What it takes to build boys quarters

By Umar Nsubuga

Added 8th April 2018 03:05 PM

For convenience, many people need their house help to be resident, thus the need for boys quarters


PIC: Boys quarters are provided for in modern architectural planning. (File photo)

CONSTRUCTION

In modern housing estates, each apartment has a provision of an extra room attached to the main house for the house help.

Architect Abdu-Wahab Nyanzi says people build servant rooms for many reasons, ranging from cultural to the need for family privacy. The size, Nyanzi says, depends on one’s taste or space.

In modern homes, it is inevitable to have chores that will require extra hands from a shamba boy or house help.

For convenience, many people need their house help to be resident, thus the need for boys quarters.

David Kireli, a civil engineer, says although some people are abandoning boys quarters due to space constraints, they are still provided for in modern architectural planning.

The traditional servants’ quarters is a two-roomed structure detached from the main house — one room for the female and another for the male servants. This structure could cost about sh9,690,000 to sh10m.

The materials

Fred Lukoda, a construction engineer, says a developer will need about 7,500-8,000 bricks to put up a complete structure. The current market price of clay bricks is sh250-280 per burnt brick, so the developer will spend sh1, 280,000 to sh2,080,000 on bricks.

You will need about two trips of sand for constructing the wall and another two trips for plastering. The type of sand used should be lake sand because it makes walls less prone to cracking as it has smaller particles. The cost of a trip of sand goes for sh350,000 to sh400,000. Thus, it will cost sh1,600,000 for the four trips of sand, says Lukoda.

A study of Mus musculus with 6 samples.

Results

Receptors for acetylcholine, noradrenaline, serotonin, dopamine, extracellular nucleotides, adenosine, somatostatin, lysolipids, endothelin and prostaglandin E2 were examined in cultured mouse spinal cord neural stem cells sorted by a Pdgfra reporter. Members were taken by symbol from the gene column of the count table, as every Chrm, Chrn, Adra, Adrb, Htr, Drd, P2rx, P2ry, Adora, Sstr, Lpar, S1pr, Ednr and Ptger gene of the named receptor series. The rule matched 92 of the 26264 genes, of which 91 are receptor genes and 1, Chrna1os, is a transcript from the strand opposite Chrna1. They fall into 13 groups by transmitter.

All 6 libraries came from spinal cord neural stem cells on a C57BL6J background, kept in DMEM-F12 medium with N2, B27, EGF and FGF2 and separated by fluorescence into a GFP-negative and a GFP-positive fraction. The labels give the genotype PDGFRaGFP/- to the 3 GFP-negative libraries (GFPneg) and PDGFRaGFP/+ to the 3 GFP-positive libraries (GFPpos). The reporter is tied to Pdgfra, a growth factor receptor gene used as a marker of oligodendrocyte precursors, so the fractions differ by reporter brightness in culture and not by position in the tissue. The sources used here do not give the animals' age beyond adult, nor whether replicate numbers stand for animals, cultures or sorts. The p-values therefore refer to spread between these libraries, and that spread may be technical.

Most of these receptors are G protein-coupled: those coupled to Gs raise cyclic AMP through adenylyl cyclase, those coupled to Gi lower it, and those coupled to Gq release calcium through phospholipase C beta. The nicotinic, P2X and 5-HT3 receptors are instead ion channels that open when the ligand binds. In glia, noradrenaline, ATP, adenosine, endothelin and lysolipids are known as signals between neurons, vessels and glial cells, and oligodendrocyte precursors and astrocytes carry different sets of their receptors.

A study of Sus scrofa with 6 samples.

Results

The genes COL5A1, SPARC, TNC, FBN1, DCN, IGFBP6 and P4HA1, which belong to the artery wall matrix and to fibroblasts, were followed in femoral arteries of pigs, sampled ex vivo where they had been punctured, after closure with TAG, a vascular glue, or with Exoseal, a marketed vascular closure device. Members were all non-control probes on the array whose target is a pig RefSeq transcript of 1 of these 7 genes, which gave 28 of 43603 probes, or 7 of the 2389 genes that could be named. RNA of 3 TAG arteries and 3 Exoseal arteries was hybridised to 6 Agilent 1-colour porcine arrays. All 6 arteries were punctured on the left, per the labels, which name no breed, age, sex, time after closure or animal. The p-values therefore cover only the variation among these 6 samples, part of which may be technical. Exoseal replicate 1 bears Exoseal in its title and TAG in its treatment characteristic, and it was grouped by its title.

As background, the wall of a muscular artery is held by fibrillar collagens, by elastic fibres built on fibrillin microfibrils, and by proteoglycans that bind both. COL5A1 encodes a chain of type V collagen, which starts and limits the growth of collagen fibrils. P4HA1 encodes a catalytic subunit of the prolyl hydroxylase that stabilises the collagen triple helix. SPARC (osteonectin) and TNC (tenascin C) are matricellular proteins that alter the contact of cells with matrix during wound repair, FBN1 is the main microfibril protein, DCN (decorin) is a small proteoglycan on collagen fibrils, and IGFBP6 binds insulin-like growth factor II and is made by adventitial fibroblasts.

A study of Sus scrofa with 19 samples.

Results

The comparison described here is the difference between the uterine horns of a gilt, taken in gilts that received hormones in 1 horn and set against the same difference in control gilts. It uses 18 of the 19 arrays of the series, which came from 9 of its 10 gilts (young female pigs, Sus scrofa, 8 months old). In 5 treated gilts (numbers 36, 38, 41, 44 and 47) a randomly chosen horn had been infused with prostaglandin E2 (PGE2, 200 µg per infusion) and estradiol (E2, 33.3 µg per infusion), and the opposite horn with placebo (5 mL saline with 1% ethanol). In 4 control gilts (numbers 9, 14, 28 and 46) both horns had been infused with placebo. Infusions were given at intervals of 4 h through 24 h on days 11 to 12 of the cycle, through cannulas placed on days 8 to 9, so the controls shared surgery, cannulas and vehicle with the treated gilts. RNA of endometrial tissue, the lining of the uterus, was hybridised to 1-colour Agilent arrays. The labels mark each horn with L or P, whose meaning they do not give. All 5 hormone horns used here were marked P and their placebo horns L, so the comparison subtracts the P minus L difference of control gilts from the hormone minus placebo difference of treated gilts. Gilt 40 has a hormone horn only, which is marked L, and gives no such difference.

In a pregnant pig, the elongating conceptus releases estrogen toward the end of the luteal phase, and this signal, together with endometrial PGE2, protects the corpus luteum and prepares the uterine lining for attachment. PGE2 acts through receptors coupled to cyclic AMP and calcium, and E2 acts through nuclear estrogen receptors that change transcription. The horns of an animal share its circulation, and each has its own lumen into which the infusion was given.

Cement

Lukoda says a developer will need about 85 bags of cement (for building the wall and plastering). “Raising the wall will consume about 40 bags and plastering will require 45 bags,” he says.

Calculated at the price of sh29,500 to sh32,000 per bag, you will spend about sh2,560,000 on the cement.

Lime

During the plastering time, lime is used and at least two bags will be needed. Each bag costs about sh24,000, hence about sh48,000.

Fred Mpalanyi, a carpenter and a roofing expert, says 35kg of nails and 18-20 iron sheets are required for roofing. For the nails, going by the current market prices of sh6,000 per kilogramme, you will incur about sh180,000.

For iron sheets at the price of sh32,000 per piece, you will need sh850,000. According to Lukoda, this price is for ordinary, plain galvanised iron sheets. He says the price will be higher if you choose the coloured galvanised iron sheets, which cost between sh50,000 and sh70,000.

After sorting out iron sheets and other materials, there is also expenditure on timber. For roofing to be complete, one needs 80 pieces of timber. Mpalanyi says pine is more preferred because it is straight and durable, although it is more expensive.

He also says a developer can use musizi timber, which is cheaper. Each piece costs sh11,000 to sh12,000. Thus, for 80 pieces, you will need about sh800,000 and sh1.2m, if you choose pine timber.

The other expense will be on hook loop rolls for holding roof timber to the main wall. You will need two, each at sh22,000. Thus, it will cost sh44,000.

“The developer will also need fascia boards (these will be about seven or eight pieces). Each piece goes for sh25,000. This means you will spend about sh200,000,” Lukoda says.

After roofing the house, the next step is painting. You will need four 20-litre jerrycans of paint, all at a cost of sh400,000. You will need two windows and two doors. You can use wooden or metallic ones.

Kireli says the metallic ones are preferred because they are cheaper; each may go for sh200,000, hence sh800,000 for both windows and doors.